When she was 3 years old, Lauren Ariana Boles ’26 went shopping at The Children’s Place. She pulled clothes off the racks, ran over to show them to her mother and then placed them back exactly where she had found them.
A woman was watching her, taking note. Later, the woman approached Boles’ mother and told her she was a manager in Los Angeles. She said she had been observing Boles and saw potential for Boles to become a child actress. Wary of being scammed, Boles’ mother told the woman to call back in a year. She did.
When she was 4 years old, Boles landed her first major role as Ciara Brady on the hit soap opera “Days of Our Lives.” She couldn’t read yet, so her mother would read the lines out loud to her and she would memorize them by ear — even her co-stars’ parts. Sometimes when the adults forgot their lines, she would tell them what they were.
Boles played Ciara Brady until 2015, when she was 11. She has also been cast as a young version of Rachel in “Glee,” a young Ally in “Austin & Ally” and a patient in “Grey’s Anatomy.”
Now a freshman at Stanford, Boles is on hiatus from acting to focus on school, but she looks back at her childhood acting experiences fondly. Of her recurring roles, Ciara Brady was her favorite.
“I got to play this sassy, kind of mischievous, witty [and] too-smart-for-her-own-good type of character,” she said. “And I got to do my own stunts.”
Boles explained that this included pretending to be kidnapped, stealing diamond earrings, running away from home and fainting after tripping over a rock. “It was fun for me to play pretend, especially when I was young,” she added.
In the “Grey’s Anatomy” episode “Who Is He (And What Is He To You)?” Boles played a young hospital patient with a throat tumor. Her character needed to get her throat and stomach sliced open in the operating room, but that wasn’t a stunt Boles could pull off — for obvious reasons. So the crew created a double of her by covering her face with green slime and a cast on top.
“It was a crazy feeling because my ears were covered, so everything was muffled; my eyes were covered, so [I was in] complete darkness; and my mouth was covered, so I wasn’t breathing out of my mouth,” she said. “I was in this dreamlike state of being for like an hour.”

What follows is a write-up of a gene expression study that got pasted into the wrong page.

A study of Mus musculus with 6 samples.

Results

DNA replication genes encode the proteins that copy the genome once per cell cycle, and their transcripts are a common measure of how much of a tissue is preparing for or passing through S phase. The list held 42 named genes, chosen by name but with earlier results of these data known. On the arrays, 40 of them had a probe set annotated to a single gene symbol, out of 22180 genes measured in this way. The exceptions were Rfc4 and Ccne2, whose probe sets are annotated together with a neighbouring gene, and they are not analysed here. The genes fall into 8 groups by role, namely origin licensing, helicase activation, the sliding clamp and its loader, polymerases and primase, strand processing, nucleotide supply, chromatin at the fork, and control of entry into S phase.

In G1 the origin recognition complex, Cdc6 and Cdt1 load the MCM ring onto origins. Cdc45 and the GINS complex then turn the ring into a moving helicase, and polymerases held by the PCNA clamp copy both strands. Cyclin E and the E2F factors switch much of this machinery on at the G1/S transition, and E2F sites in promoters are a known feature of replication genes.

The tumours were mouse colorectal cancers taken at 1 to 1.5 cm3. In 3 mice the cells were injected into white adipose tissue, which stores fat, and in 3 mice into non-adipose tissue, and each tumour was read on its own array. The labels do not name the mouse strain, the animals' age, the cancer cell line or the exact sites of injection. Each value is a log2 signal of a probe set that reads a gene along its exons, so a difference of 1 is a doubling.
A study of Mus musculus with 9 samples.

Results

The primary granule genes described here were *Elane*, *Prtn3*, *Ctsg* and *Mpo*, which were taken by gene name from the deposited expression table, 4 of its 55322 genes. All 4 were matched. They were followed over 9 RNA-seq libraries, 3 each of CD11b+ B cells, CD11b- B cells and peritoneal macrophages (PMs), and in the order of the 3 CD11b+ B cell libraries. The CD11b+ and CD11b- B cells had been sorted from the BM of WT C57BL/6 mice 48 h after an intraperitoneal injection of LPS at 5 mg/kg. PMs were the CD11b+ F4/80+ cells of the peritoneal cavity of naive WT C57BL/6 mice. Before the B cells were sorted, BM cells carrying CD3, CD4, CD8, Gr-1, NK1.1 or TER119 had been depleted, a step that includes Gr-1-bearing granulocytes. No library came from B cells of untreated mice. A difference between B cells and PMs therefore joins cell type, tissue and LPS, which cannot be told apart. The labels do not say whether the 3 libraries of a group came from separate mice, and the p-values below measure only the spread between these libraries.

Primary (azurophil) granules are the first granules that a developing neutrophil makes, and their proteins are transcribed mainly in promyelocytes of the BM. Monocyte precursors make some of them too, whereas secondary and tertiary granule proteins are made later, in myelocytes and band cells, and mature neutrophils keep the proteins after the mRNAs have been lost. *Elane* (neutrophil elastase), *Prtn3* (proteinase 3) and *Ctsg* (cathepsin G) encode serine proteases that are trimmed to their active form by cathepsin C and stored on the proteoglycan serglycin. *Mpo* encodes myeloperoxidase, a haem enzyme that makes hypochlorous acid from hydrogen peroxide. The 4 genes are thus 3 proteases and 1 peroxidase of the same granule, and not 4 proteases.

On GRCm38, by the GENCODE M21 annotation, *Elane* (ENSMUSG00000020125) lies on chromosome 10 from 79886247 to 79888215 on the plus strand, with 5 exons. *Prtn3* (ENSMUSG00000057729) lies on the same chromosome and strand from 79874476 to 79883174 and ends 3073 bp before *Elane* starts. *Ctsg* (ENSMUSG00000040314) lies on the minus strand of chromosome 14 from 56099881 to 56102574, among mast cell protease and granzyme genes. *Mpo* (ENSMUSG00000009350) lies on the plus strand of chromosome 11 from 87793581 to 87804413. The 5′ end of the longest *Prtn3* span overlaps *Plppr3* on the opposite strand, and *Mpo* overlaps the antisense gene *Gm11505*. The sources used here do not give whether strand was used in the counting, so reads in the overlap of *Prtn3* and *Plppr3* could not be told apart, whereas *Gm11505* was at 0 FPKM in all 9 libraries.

These early acting experiences aside, Boles still feels she has had a normal childhood. This was largely because she stayed in normal school instead of opting for homeschooling, she said, adding, “I’ve always loved going to school and would never have wanted to give that up for acting.” When she had filming in the morning, she would go to school in the afternoon, and vice versa.
School has always been important to her, even with Hollywood at her feet. “I really enjoyed [acting] during the time that I was doing it, and then in high school I phased out of it a little bit,” Boles said. The COVID-19 pandemic shut down production, and she wanted to focus on Advanced Placement (AP) classes and getting into college.
When her Stanford admission decision came out, she was in the middle of filming a self-tape audition. She put off checking the decision for an hour to finish the tape. “It’s always, always been a balance of the acting and the schools, even on that day,” she said.
Boles still plans on acting in short films on campus, but she’s leaning towards behind-the-scenes roles for the future. She got her first experience behind the camera as an assistant director trainee for the club Flying Horse Films, and she hopes to intern in the industry to better gauge what she enjoys.
Though she has an interest in film, Boles came to Stanford because she wanted to explore a breadth of academic fields. She sees college as “a time of exploration. You have your whole life to focus on film or whatever you want to do.”
The skills she picked up as a child actor have inevitably transferred over to college even though she isn’t acting as much these days. “Working with adults all the time, especially on ‘Days of Our Lives,’” she said, made her more mature from a young age. “When it comes to being in the real world, talking to professors, it’s not as intimidating because I’m used to interacting with adults.”
Surely some of her maturity was already there, leading to her success as an actor in the first place. She recounted that, back when she was 3 and interviewing with agents, they would put a jar of candy out on the table. “They would pay attention to if you were distracted by the candy or if you interrupted whatever was happening to ask for a piece of candy,” she said. Boles, of course, passed those tests.
“Thank you, 3-year-old me,” she said, laughing.